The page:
As I write this, it’s Thursday evening and the end of MacWorld is in sight. It’s a good thing too. I’ve lugged my camera gear all over the place and had my camera tugging at my neck for too many days. One of the hard things about this shoot is that I haven’t had a good on-location work area. Instead, I’ve been schlepping everything to and from the hotel every day and doing my best to keep it close. That, however, is what the gig requires and so I should stop whining. Besides, we’re not here to talk about those parts of this shoot. Instead, let’s talk a bit about the workflow side of the equation.
After shooting 2 1/2 days, I’ve shot 910 RAW+JPEG frames which stack up 1820 files taking up 14.5GB of disk space. Following the import workflow I mentioned yesterday, that data is safely tucked away onto two separate drive. One drive’s structure is managed by Aperture as a project and referenced files. The other, however, is organized in a more rudimentary fashion that makes sense given the workflow. Instead of a complicated deep structure, I have a simple folder/subfolder structure to organize the files by the import session. This let’s me see at a glance that I have my files accounted for.
This is how this structure looks like on my backup drive right now:
The number of frames I’ve shot, just under a thousand, is on the low side of average for me at an event shoot like this. I’ve shot many more images in the same timeframe at other events, but at this one, what my client is looking for is pretty defined. In events where the deliverables are less structured, I’ll tend to shoot more.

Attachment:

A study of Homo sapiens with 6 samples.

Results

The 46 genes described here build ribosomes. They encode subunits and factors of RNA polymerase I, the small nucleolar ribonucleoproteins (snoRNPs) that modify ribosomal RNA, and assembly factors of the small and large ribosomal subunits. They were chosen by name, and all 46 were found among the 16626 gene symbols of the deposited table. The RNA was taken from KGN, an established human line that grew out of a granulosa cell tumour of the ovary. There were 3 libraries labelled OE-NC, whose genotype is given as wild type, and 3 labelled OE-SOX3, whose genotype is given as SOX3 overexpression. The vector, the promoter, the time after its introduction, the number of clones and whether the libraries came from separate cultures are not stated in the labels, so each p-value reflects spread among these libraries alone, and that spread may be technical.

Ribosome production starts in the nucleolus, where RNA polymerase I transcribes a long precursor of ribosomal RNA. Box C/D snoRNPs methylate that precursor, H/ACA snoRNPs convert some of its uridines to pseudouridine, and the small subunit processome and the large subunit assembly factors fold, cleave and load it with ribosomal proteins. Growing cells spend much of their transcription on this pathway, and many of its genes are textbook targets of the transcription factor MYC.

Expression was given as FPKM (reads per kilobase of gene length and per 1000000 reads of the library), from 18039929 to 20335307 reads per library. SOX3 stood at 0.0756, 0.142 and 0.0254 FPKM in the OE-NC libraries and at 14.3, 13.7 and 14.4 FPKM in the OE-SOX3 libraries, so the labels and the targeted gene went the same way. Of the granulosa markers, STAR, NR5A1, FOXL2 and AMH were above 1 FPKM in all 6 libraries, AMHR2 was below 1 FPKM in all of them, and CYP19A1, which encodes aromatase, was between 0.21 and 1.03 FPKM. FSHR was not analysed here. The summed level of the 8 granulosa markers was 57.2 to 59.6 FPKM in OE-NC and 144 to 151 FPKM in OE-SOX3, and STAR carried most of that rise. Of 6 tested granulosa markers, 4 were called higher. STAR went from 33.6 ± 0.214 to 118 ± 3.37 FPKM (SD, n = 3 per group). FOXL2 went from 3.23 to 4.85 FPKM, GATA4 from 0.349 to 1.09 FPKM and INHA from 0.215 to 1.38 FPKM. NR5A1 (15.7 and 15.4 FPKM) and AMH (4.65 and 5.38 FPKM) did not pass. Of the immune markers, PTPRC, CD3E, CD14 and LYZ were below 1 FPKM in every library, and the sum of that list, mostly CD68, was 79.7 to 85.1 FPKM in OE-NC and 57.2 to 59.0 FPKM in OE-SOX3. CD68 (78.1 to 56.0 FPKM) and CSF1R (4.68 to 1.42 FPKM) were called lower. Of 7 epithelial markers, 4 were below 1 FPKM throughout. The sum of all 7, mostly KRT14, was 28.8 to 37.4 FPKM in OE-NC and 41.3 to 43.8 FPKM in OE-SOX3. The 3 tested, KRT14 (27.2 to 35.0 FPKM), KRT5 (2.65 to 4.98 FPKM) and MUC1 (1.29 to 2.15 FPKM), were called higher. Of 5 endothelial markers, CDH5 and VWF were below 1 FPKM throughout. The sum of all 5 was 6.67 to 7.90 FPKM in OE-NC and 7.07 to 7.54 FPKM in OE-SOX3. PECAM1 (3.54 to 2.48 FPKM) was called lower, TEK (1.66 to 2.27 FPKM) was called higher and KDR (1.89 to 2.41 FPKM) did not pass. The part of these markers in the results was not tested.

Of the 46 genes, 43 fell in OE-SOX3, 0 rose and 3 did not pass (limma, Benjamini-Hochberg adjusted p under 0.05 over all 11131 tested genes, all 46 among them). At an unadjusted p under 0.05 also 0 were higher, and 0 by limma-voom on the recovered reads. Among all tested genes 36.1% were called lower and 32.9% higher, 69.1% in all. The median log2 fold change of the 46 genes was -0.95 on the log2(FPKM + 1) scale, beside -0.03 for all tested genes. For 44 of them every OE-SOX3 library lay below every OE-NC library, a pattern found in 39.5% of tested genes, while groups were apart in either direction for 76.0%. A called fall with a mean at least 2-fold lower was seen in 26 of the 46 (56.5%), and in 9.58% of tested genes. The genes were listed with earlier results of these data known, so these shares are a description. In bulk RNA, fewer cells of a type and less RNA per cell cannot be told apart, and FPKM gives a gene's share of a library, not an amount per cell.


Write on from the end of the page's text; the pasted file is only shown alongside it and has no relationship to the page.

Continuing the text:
Out of this batch of images, there are a really high percentage that will get cut immediately as I work my way through the entire set tonight. Probably 10% or so will make it through the first cut. The other 90% will be dropped due to focus problems, light issues, bad expressions on peoples faces, and the random nature of this kind of photography. This cut will probably take me an hour or two since it’s easy to see these kinds of faults.
To speed as fast as possible through this first fast cut, I’ve adopted a few habits to avoid some of Aperture’s slower spots. The first thing I do is hide the viewer. Instead, I work just in the grid view of the project. This lets Aperture do a lot less processing for every RAW file as I work through the shoot. As well, to get a decent view of the images, I crank up the thumbnail size to the max and then I hide everything I can, including the all the panels and toolbars. This lets me see 6 images or so at a time on my 17″ MacBook Pro screen. Typically, I can see enough of each image to make a basic go/no-go decision about it. And, if I need to take a closer look, the Loupe is a quick keystroke away. Here’s what my workspace looks like at this point:
There’s one more thing that I do to help speed things up in this cut. In the view filter widget, I select “Show All…” (Control-6). In the more filtered views, including the default view which shows unrated and better images, Aperture will hide an image you reject. This seems like a nice touch, but the implementation of it is flawed. Sometimes, when you reject an image, Aperture will move the remaining images around a bit and the next selected image will end up scrolling up and just out of full view. This behavior kills the flow of editing. By “Showing All”, I avoid this little glitch and can power through.
After I do this cut, I expect I’ll have a hundred or so images to consider in the next, and more careful edit. These hundred or so images will also tell me if there is anything I’m missing. I’m pretty sure I’ve got everything I need right now, but if I see an obvious hole in my coverage, I’ve still got just a bit of time tomorrow to take a few more shots. Otherwise, I’ll be set to do the second edit tomorrow, as well as one last round of walking the floor to try to score a bit of schwag.